Major wafer suppliers Shin-Etsu and MEMC have stopped production in Japan to assess damages from the earthquake.
Two Japanese facilities that account for a quarter of the global production of silicon wafers used in making semiconductors have been shutdown temporarily, as officials assess the damage from the devastating March 11 earthquake, according to research firm IHS iSuppli.
Shin-Etsu Chemical Co. Ltd. has stopped manufacturing operations at its Shirakawa facility, and MEMC Electronic Materials Inc. has halted manufacturing at its Utsunomiya plant, the research firm reported Monday. These two facilities together produce 25% of the global supply of silicon wafers.
How long the facilities will remain closed is unknown. A long-term shutdown could seriously hurt global semiconductor production, IHS says. The Shun-Etsu facility produces 300-mm wafers used mainly in the manufacturing of memory devices, such as flash memory and DRAM. The plant accounts for 20% of the world's wafer production, while the MEMC plant accounts for another 5%.
Shin-Etsu has acknowledged the shutdown, and said that inspections of the facility have been hampered by the many aftershocks that have followed the 9.0 quake. The company has confirmed that the plant suffered some damage. "At present, it is still unclear how long it takes to restore such damaged facilities and equipments," the company said in a statement.
Shin-Etsu has shifted production of silicon wafers from the Shirakawa facility to other plants owned by the Shin-Etsu Handotai Group. How effective the shift to other plants will be in mitigating the loss of the Shirakawa operation is not clear.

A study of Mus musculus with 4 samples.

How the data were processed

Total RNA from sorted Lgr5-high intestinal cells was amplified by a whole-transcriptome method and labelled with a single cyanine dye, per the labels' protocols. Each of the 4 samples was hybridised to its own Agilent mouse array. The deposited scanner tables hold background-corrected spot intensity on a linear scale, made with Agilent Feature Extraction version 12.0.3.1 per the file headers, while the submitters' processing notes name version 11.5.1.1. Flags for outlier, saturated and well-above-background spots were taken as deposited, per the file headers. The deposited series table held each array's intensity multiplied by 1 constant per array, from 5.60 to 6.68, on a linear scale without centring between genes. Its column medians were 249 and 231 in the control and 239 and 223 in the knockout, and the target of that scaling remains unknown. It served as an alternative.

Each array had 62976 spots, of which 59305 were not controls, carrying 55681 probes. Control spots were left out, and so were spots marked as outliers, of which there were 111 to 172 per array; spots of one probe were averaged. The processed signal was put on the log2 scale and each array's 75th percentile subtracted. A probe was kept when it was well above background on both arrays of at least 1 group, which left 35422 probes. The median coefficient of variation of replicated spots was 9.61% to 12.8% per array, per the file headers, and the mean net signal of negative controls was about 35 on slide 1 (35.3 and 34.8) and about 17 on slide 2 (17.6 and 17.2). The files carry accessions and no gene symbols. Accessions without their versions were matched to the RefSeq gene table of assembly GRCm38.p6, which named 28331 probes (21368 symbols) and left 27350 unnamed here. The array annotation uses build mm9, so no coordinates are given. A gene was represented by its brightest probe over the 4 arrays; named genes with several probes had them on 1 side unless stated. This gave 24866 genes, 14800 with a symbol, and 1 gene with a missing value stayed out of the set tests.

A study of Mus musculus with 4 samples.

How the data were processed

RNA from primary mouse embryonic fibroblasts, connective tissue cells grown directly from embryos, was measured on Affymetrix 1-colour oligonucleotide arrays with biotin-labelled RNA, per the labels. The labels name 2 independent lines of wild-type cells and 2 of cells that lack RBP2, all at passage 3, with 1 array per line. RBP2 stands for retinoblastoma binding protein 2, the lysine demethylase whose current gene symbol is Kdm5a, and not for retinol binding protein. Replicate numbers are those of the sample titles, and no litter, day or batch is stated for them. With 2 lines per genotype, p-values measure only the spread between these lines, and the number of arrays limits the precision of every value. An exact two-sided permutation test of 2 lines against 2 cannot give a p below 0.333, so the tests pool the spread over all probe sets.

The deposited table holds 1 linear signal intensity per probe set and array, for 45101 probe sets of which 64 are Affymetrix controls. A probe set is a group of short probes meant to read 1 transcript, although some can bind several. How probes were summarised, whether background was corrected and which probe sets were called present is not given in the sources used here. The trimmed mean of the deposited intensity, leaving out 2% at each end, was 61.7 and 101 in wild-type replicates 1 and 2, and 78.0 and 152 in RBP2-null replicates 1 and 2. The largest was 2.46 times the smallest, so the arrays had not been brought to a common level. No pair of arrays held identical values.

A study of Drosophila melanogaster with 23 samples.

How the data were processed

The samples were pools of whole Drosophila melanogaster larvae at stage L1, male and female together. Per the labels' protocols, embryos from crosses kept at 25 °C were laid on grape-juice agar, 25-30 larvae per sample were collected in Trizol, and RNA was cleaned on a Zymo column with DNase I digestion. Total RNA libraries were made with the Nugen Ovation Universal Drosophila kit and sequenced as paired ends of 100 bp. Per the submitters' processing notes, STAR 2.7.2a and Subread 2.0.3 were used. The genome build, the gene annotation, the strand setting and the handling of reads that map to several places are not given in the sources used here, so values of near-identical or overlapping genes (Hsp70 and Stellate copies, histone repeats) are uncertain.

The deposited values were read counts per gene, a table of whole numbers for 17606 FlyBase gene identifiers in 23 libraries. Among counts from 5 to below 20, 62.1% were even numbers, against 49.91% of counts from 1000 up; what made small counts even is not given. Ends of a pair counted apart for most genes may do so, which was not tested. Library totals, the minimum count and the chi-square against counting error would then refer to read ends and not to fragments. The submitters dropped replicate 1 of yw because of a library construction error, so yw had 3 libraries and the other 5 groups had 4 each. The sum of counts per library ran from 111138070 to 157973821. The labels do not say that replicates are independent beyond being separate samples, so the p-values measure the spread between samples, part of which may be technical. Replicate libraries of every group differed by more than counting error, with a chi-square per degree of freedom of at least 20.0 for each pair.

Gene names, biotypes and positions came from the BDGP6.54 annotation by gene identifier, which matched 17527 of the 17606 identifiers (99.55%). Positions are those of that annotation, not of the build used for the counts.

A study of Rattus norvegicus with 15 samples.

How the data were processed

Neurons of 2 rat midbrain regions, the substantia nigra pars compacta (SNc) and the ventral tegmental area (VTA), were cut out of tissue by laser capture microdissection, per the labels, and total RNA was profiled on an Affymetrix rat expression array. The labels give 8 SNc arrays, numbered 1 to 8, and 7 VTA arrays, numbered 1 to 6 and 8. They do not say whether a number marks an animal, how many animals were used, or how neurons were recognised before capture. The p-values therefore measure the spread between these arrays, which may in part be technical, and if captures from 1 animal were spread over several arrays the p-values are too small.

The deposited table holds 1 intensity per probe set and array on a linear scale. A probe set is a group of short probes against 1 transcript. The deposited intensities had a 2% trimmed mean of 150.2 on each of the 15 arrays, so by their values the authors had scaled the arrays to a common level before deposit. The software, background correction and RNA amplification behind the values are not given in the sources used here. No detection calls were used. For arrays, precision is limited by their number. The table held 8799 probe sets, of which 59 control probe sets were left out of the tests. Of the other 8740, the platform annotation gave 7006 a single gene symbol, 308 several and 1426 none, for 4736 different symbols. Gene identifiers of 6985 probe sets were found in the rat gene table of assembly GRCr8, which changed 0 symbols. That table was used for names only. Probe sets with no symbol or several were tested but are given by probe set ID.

MEMC has also acknowledged that operations at the Utsunomiya plant have been suspended pending building and equipment safety inspections. "As a result, MEMC expects that shipments from this facility will be delayed over the near term," the company said in a statement.
MEMC has a network of 12 manufacturing facilities around the world, with the Utsunomiya plant one of eight that make semiconductor wafers and one of three that slices and polishes 300-mm wafers.
IHS also reported Monday that Mitsubishi Gas Chemical Company Inc. and Hitachi Kasei Polymer Co. Ltd. have suspended production of what amounts to 70% of the supply of copper-clad laminate, the main raw material used in making printed circuit boards used in all electronic products, from PCs to smartphones to digital watches.
The stoppage is expected to last less than two weeks, which is not long enough to have a major impact on circuit board makers, IHS said.
AKM Semiconductor has reported that the production facility that makes the electronics compasses for Apple's iPad 2 has not been damaged. The company said that it doesn't expect any production problems for the compass, according to IHS.
Other companies reporting production problems in Japan include Renesas Electronic Corp. Renesas has halted manufacturing at Tsugaru facilities, which make analog and discrete devices; its Naka plant, which makes system-on-chip and microcontroller devices; and its Takasaki and Kofu fabs, which produce analog and discrete parts.
How Enterprises Are Attacking the IT Security EnterpriseTo learn more about what organizations are doing to tackle attacks and threats we surveyed a group of 300 IT and infosec professionals to find out what their biggest IT security challenges are and what they're doing to defend against today's threats. Download the report to see what they're saying.
2017 State of IT ReportIn today's technology-driven world, "innovation" has become a basic expectation. IT leaders are tasked with making technical magic, improving customer experience, and boosting the bottom line -- yet often without any increase to the IT budget. How are organizations striking the balance between new initiatives and cost control? Download our report to learn about the biggest challenges and how savvy IT executives are overcoming them.